47% of households pay no federal income taxes

A new report from the nonpartisan Tax Policy Center finds that roughly 47% of households won't end up owing any federal incomes taxes for the year 2009.

Most households earning less than $30,000 per year fall into this category, as do nearly half of those earnings between $30,000 and $40,000. Some 22% of households earning between $50,000 and $75,000 pay no income taxes, and an alarming 9% of households between $75,000 and $100,000 pay no taxes.

Those figures don't include payroll taxes.

Most people agree that a progressive tax structure makes sense: It's better to fuel government programs with cash from people who have enough than from milking people who are struggling to put food on the table.

But on the other hand: Isn't it problematic to have a democracy where 100% of households can vote on how money is spent when only 53% of households are contributing to the pot? If a larger percentage of the population paid taxes, would we be tougher on overspending in Washington?

In a country with as much income inequality -- not that there's anything wrong with that -- as the United States, the rich will always pay the overwhelming majority of taxes. But it seems that everyone -- or nearly everyone -- should pay some token amount, if only to give them an incentive to focus on how their money is being spent.

Tax Tips for the Blind

Anyone whose field of vision falls at or below 20 degrees, who wears corrective glasses but whose vision is 20/200 or less in his best eye, or who has no eyesight at all, meets the legal definition of being blind and is eligible for certain tax deductions.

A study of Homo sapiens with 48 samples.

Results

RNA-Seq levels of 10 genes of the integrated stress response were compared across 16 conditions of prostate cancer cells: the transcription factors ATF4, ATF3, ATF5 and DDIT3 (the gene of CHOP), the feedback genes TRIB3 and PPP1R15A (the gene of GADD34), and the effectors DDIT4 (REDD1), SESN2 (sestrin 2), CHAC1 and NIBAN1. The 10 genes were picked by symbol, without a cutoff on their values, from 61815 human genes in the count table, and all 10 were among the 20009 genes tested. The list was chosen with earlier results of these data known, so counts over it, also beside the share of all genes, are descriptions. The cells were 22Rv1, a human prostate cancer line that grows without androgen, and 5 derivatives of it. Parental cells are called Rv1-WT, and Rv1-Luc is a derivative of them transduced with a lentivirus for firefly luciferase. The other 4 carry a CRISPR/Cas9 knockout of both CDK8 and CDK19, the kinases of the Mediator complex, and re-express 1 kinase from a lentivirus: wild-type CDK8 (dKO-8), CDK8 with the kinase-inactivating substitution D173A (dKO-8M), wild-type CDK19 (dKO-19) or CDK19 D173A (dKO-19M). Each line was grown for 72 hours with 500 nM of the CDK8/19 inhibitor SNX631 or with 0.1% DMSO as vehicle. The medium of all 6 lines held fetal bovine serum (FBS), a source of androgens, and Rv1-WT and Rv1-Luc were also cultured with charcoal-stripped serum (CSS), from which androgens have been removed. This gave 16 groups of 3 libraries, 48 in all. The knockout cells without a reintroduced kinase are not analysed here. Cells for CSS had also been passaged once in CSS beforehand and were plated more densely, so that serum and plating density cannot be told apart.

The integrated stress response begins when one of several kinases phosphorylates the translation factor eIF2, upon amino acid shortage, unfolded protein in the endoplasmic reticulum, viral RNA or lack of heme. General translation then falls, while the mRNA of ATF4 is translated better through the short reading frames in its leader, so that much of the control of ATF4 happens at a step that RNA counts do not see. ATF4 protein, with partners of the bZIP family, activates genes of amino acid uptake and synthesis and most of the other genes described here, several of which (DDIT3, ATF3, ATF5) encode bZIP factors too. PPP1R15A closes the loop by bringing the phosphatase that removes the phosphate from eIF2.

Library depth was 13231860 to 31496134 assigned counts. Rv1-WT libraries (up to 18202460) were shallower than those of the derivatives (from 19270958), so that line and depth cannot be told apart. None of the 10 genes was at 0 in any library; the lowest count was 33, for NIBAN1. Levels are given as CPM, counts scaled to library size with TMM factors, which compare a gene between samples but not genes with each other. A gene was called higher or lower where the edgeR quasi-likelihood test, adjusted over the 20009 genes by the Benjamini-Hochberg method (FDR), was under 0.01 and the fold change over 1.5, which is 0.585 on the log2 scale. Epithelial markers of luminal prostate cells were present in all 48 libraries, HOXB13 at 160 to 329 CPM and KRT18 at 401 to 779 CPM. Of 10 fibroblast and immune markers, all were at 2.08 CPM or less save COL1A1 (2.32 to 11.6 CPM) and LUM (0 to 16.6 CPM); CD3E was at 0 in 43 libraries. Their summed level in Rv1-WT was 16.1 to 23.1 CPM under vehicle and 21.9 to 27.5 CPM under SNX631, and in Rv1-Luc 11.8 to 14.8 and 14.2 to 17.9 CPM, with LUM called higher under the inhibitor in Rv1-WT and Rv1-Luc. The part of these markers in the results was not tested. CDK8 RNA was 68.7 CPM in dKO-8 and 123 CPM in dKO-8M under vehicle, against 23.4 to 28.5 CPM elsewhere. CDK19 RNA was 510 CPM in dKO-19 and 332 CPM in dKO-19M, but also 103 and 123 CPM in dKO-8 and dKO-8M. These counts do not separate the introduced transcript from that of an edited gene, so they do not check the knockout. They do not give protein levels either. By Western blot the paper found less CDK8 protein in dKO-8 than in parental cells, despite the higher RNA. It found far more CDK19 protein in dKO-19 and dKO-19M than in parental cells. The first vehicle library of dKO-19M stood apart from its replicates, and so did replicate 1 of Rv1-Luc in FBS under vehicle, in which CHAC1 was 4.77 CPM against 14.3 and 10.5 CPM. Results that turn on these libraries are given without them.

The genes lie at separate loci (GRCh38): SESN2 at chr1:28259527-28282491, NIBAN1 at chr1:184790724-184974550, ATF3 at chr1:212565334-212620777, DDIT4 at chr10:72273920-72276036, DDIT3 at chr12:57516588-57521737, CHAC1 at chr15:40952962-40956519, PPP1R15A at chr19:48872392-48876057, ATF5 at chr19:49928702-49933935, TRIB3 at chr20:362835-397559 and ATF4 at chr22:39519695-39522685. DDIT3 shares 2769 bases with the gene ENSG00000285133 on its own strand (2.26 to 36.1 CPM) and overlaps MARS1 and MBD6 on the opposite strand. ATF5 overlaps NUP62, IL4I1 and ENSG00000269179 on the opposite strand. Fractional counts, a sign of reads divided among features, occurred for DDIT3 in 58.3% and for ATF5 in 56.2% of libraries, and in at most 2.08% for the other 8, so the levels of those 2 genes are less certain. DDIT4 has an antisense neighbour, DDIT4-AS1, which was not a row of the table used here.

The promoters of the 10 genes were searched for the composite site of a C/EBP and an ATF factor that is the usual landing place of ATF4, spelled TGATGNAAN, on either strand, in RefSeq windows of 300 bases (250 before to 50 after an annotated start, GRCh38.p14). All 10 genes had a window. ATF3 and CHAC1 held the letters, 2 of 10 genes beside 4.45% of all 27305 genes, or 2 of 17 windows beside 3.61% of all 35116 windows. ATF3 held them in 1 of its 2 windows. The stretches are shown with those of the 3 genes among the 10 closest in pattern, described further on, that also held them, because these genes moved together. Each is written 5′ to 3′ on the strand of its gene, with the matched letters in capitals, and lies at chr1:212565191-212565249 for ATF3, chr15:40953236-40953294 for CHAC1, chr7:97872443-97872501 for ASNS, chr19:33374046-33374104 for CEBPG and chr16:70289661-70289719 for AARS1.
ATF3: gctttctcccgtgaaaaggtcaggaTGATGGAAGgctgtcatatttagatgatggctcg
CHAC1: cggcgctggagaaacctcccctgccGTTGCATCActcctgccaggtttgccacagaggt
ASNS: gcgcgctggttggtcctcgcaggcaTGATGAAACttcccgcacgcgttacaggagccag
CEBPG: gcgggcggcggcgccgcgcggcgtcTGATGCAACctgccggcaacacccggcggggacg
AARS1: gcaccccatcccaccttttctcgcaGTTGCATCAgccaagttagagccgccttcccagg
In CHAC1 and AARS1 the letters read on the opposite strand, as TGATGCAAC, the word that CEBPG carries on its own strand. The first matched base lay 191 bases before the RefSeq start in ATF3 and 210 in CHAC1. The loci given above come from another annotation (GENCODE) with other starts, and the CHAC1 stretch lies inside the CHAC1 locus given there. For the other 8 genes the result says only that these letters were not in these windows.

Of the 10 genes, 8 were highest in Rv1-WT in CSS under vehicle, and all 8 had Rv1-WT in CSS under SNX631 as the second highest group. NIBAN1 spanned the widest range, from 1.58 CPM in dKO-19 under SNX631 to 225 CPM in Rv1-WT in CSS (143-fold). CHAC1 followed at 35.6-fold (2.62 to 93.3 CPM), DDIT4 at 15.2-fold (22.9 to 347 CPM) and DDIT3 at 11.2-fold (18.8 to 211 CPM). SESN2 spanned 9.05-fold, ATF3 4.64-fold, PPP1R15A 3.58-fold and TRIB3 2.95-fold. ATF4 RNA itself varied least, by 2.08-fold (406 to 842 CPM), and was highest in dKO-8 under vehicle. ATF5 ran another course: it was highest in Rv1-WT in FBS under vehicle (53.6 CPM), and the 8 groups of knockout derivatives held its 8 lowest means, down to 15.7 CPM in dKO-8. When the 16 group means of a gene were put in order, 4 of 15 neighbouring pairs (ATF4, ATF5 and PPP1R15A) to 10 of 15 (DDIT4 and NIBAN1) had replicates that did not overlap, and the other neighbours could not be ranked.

Read More

Brought to you by TurboTax.com

What Is a 1099-G Tax Form?

The most common use of the 1099-G is to report unemployment compensation as well as any state or local income tax refunds you received that year.

Read More

Brought to you by TurboTax.com

Filing Tax Form 2441: Child and Dependent Care Expenses

There are a number of eligibility requirements you must satisfy before potentially receiving a child or dependent care credit, so it's a good idea to familiarize yourself with the rules before preparing Form 2441.

Read More

Brought to you by TurboTax.com

7 Requirements for the Child Tax Credit

The Child Tax Credit can significantly reduce your tax bill if you meet all seven requirements: 1. age, 2. relationship, 3. support, 4. dependent status, 5. citizenship, 6. length of residency and 7. family income. You and/or your child must pass all seven to claim this tax credit.

Read More

Brought to you by TurboTax.com
Read Full Story
Your resource on tax filing
Tax season is here! Check out the Tax Center on AOL Finance for all the tips and tools you need to maximize your return.